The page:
Jets outlast Chargers, 17-14, reach AFC title game

New York's Nick Mangold (74) and Mark Sanchez celebrate a Shonn Greene touchdown.
New York's Nick Mangold (74) and Mark Sanchez celebrate a Shonn Greene touchdown. (Jeff Chiu/associated Press)
By Rick Maese
Washington Post Staff Writer
Monday, January 18, 2010

SAN DIEGO -- Perhaps the last batch of doubters the New York Jets will face this season were lined up on the opposing sideline Sunday. Before their game against the Chargers, Jets linebacker Bart Scott says he heard them yapping. "You don't belong here," Scott reported hearing. "The Jets don't deserve to be here."

Since the start of these playoffs, it has essentially been an accepted truth. But after beating the Chargers, 17-14, knocking the hottest team in the NFL out of the playoffs, the Jets are the most surprising of the four teams still standing. They advance to the AFC title game next weekend in Indianapolis and find themselves just one win away from the Super Bowl.

"We believed the whole time, the whole year, when probably it wasn't the popular choice, the popular opinion," Jets Coach Rex Ryan said. "But here we are."

In the Jets' locker room following Sunday's win, wide receiver Braylon Edwards fidgeted with his iPod docking station, settling on the Black Eyed Peas' "I Gotta Feeling. " Elsewhere, players talked about the validation that came with Sunday's surprising win and the difficult path that has led them to Indianapolis.

"We're taking the long, hard route," offensive lineman Damien Woody said. "We've went into two hostile territories and pulled out victories."

Making their fifth playoff appearance in the past 10 years, the Jets entered the postseason with a 9-7 record and were the fifth seed in the AFC. Led by a first-year coach and a rookie quarterback, Mark Sanchez, the Jets won at Cincinnati last week and then snapped the Chargers' league-best 11-game win streak -- also on the road.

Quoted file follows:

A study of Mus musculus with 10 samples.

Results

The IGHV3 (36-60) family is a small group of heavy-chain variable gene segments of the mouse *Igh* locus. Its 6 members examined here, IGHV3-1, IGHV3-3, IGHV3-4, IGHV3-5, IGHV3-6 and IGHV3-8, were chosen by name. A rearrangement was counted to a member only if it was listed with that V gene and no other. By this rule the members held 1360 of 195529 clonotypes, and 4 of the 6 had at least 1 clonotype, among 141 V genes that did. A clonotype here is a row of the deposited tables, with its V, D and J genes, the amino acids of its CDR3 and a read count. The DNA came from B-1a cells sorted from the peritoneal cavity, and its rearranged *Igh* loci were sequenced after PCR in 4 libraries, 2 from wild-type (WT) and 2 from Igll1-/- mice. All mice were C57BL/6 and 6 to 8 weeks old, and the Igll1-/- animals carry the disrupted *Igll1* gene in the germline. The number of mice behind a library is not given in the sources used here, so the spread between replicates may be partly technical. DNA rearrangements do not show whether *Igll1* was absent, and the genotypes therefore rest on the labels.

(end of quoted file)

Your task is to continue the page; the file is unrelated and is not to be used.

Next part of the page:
They return to the conference title game for the first time since 1998, and if they get past Peyton Manning next weekend, they'd play in the Super Bowl for the first time in four decades, when another unlikely Jets team sneaked into the championship game and upset the Colts.

"Nobody expected us to be anywhere," Scott said. "I hope this validates our place in the playoffs and will stop you guys from saying we backed in. We didn't back in. We got in. We earned where we're at."

It was a coronation that was in doubt until late in Sunday's game, and it took a backup running back to formally announce the team's arrival on the league's biggest stage.

Still officially listed as a reserve, Jets rookie Shonn Greene slipped through a narrow opening in a forest of bodies midway through the fourth quarter and emerged on the other side with two things in his sight: the AFC title game and a lone free safety standing in his way. Greene knocked down Eric Weddle -- blew through him like a bowling ball through wet paper -- and knocked out the Chargers.

His 53-yard touchdown run gave the Jets a 17-7 lead.

For the Jets, an improbable postseason run came down to a series of improbable plays.